October 24, 2016

Washington, D.C. The United Methodist Council of Bishops has announced the membership of the Commission on a Way Forward.

“After three months of diligent and prayerful discernment, we have selected 8 bishops, 11 laity, 12 elders and 1 deacon to serve on the Commission,” said Bishop Bruce R. Ough, president of the Council of Bishops. “This group is representative of our theological diversity.”

Ough said the makeup of the 32-member commission is roughly comparable to U.S. and Central Conference membership.

All of the members of the Commission have already indicated their willingness and availability to serve. The team of moderators —  Bishop Ken Carter, Bishop Sandra Steiner-Ball and Bishop David Yemba — will soon convene the Commission to begin to organize their work and finalize their meeting schedule.

The Commission’s mission is to  “bring together persons deeply committed to the future(s) of The United Methodist Church, with an openness to developing new relationships with each other and exploring the potential future(s) of our denomination in light of General Conference and subsequent annual, jurisdictional and central conference actions.”

The 2016 General Conference gave a specific mandate to the Council of Bishops to lead The United Methodist Church in discerning and proposing a way forward through the present impasse related to human sexuality and the consequent questions about unity and covenant.

The Commission is a group appointed by the Council of Bishops to assist the Council in fulfilling this mandate. As such, the Council has appointed bishops from across the global connection to serve on the Commission alongside laity and clergy. While clergy and laity will vote at a General Conference on these matters, the bishops have the responsibility to lead the church. Thus, the Commission is designed to inform the Council’s leadership of the General Conference. After hearing concerns that the proposed composition did not include enough laity, three additional laypersons were added from the original pool of more than 300 nominees.

At their fall meeting (October 30 – November 2), the Council will make a decision about a called General Conference and will review a plan to conduct additional and complementary work in annual conferences designed to broaden the conversation with hundreds of lay and clergy members.

The members of the Commission are:


Jorge Acevedo
USA, Florida, elder, male

Brian Adkins
USA, California, elder, male

Jacques Umembudi Akasa
Africa, Democratic Republic of Congo, laity, male

Tom Berlin
USA, Virginia, elder, male

Matt Berryman
USA, Illinois, laity, male

Helen Cunanan
Philippines, elder, female

David Field
Europe, Switzerland, laity, male

Ciriaco Francisco
Philippines, bishop, male

Grant Hagiya
USA, California, bishop, male

Aka Dago-Akribi Hortense
Africa, Côte d’Ivoire, laity, female

Scott Johnson
USA, New York, laity, male

Jessica Lagrone
USA, Kentucky, elder, female

Thomas Lambrecht
USA, Texas, elder, male

Myungae Kim Lee
USA, New York, laity, female

Julie Hager Love
USA, Kentucky, deacon, female

Mazvita Machinga
Africa, Zimbabwe, laity, female

Patricia Miller
USA, Indiana, laity, female

Mande Guy Muyombo
Africa, Democratic Republic of Congo, elder, male

Eben Nhiwatiwa
Africa, Zimbabwe, bishop, male

Dave Nuckols
USA, Minnesota, laity, male

Casey Langley Orr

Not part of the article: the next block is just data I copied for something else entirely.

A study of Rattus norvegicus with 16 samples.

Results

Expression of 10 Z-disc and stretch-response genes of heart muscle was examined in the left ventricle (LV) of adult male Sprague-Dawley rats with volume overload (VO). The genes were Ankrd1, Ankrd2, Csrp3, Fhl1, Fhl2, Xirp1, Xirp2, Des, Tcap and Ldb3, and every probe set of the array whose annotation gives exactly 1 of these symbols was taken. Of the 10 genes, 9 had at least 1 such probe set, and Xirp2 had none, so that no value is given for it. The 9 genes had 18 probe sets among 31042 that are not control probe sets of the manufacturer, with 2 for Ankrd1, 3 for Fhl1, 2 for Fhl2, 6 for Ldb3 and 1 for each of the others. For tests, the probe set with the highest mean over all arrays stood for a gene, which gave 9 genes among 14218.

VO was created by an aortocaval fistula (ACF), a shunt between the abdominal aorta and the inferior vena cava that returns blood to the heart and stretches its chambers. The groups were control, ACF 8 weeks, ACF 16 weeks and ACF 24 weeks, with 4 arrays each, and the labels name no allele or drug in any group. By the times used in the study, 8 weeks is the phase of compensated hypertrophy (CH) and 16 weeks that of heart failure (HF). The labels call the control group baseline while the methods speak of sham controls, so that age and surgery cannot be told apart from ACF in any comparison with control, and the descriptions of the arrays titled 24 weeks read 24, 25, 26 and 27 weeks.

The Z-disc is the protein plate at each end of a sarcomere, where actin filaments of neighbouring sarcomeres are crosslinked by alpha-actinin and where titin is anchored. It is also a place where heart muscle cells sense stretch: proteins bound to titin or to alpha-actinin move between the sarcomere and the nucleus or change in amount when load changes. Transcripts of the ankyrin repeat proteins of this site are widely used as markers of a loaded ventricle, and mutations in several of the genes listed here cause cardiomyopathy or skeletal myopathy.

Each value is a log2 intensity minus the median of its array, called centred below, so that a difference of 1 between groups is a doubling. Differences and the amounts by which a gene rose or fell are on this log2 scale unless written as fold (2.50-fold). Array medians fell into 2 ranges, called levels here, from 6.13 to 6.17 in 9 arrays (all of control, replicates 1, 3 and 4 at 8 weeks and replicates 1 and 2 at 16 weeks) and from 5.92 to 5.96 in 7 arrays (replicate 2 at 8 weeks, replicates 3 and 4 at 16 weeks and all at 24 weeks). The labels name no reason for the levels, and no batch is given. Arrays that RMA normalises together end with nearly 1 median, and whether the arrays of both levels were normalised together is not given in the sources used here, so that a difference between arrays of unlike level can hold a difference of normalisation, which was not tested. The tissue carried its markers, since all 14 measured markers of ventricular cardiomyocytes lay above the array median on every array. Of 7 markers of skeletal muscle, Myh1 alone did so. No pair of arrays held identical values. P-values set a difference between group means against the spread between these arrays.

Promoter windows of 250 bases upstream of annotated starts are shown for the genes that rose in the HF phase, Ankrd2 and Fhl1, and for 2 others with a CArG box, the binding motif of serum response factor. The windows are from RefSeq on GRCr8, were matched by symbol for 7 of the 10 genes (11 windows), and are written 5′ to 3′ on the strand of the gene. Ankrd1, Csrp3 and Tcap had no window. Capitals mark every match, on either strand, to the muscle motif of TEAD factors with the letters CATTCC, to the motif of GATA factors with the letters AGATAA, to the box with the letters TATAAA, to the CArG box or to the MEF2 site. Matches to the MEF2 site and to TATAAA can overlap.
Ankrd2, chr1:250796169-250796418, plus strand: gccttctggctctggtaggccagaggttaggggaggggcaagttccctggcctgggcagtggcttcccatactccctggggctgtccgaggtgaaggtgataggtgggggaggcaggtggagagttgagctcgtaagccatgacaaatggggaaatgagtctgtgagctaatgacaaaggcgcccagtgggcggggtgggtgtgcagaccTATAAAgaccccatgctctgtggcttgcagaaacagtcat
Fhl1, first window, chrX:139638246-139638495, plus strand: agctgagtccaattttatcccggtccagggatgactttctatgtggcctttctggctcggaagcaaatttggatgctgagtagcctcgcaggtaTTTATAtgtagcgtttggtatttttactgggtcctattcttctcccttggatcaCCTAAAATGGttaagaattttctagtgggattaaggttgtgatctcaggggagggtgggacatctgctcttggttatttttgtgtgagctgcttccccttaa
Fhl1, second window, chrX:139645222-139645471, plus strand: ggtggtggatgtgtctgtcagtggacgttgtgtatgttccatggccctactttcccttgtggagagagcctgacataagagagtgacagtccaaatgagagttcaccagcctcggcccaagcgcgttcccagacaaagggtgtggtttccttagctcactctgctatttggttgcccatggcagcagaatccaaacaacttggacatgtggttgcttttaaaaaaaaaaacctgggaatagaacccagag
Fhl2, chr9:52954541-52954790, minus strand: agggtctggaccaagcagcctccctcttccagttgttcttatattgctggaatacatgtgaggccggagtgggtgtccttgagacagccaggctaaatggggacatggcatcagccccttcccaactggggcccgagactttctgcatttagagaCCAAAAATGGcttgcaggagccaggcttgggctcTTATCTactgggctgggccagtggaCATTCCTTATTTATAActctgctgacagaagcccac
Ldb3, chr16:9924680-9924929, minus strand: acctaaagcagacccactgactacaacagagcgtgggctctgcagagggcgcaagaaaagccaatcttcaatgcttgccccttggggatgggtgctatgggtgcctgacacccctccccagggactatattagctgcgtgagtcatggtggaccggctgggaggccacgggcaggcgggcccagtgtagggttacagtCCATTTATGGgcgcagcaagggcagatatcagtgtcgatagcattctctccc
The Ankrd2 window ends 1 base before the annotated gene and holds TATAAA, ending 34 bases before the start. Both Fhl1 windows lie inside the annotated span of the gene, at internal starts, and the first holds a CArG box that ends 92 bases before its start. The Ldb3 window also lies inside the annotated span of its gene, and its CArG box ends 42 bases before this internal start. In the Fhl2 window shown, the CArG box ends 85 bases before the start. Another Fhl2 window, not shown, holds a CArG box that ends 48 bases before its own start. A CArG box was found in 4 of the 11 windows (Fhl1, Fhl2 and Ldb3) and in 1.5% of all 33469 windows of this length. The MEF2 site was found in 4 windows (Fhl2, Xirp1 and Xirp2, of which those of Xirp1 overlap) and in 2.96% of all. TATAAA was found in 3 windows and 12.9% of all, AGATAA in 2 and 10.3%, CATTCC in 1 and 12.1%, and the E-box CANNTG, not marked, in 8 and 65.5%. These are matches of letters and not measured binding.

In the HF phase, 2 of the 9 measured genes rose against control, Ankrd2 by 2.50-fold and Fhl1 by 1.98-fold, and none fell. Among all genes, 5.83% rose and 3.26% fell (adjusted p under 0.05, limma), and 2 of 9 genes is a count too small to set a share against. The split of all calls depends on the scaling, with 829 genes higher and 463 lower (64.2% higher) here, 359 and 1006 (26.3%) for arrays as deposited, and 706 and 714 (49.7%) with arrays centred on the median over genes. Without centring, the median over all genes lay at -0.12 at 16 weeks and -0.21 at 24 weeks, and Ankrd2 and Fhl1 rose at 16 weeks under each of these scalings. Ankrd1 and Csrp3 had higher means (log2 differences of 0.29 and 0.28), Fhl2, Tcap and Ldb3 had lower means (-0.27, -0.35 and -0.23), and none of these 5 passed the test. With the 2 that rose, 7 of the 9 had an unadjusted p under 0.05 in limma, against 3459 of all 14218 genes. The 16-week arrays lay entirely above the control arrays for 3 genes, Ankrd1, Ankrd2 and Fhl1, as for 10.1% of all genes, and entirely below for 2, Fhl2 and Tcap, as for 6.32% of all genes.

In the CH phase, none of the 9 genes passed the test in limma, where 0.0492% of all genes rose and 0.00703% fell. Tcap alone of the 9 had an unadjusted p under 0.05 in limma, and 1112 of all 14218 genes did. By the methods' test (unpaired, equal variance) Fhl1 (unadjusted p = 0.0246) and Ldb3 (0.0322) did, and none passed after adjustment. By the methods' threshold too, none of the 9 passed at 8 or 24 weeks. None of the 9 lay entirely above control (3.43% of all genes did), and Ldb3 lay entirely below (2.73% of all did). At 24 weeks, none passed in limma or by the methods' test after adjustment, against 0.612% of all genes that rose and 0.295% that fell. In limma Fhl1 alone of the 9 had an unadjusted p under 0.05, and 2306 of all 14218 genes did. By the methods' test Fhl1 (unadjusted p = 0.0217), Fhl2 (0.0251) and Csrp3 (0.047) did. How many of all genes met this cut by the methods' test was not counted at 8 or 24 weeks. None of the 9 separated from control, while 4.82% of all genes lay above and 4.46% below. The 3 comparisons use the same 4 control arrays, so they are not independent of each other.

USA, Texas, elder, female

Gregory Palmer
USA, Ohio, bishop, male

Donna Pritchard
USA, Oregon, elder, female

Tom Salsgiver
USA, Pennsylvania, elder, male

Robert Schnase
USA, Texas, bishop, male

Jasmine Rose Smothers
USA, Georgia, elder, female

Leah Taylor
USA, Texas, laity, female

Deborah Wallace-Padgett
USA, Alabama, bishop, female

Rosemarie Wenner
Europe, Germany, bishop, female

Alice Williams
USA, Florida, laity, female

John Wesley Yohanna
Africa, Nigeria, bishop, male

Alfiado S. Zunguza
Africa, Mozambique, elder, male


Sandra Steiner Ball
USA, West Virginia, bishop, female

Kenneth Carter
USA, Florida, bishop, male

David Yemba
Africa, Democratic Republic of Congo, bishop, male


  1. Can you tell me if part of the money sent in from each church is still going to planned parenthood?

  2. To the Commission,

    I am aware that Bishop Ough, the President of the Council of Bishops has openly supported gays into positions of leadership in the United Methodist Church. Since he is the one who set up the commission, it is definitely suspect. No commission is needed. Unless Bishop Ough will resign his position, there is no hope of prosecution of those who have broken the laws of the United Methodist Church. Therefore, the only hope for preserving the United Methodist Church is a split, with those who wish to retain the language in the United Methodist Book of Discipline aligning with the Wesleyan Covenant Association, and the “progressive liberals” with Bishop Ough. Otherwise, there will be a mass of thousands of Methodists completely leaving the United Methodist Church. I believe the split in the UMC should be within 6 months, not 2 years, as has been stated in the letter to the Council of Bishops. One UMC already has a pending legal suit against the western jurisdiction whose members have broken the laws of the church.

  3. It better not be.

  4. Not a lawyer, but it looks as if the Judicial Council is affirming the Book of Discipline (below) as the law of the church and is directing Bishops to do their jobs and render rulings based on church law instead of trying to ignore it or find ways around it. Please correct me if I’m wrong here.

  5. Do you know the name of the UM Church that has a pending law suit against the Western Jurisdiction. I am a member of a conservative UM church in Colorado Springs with a progressive senior pastor.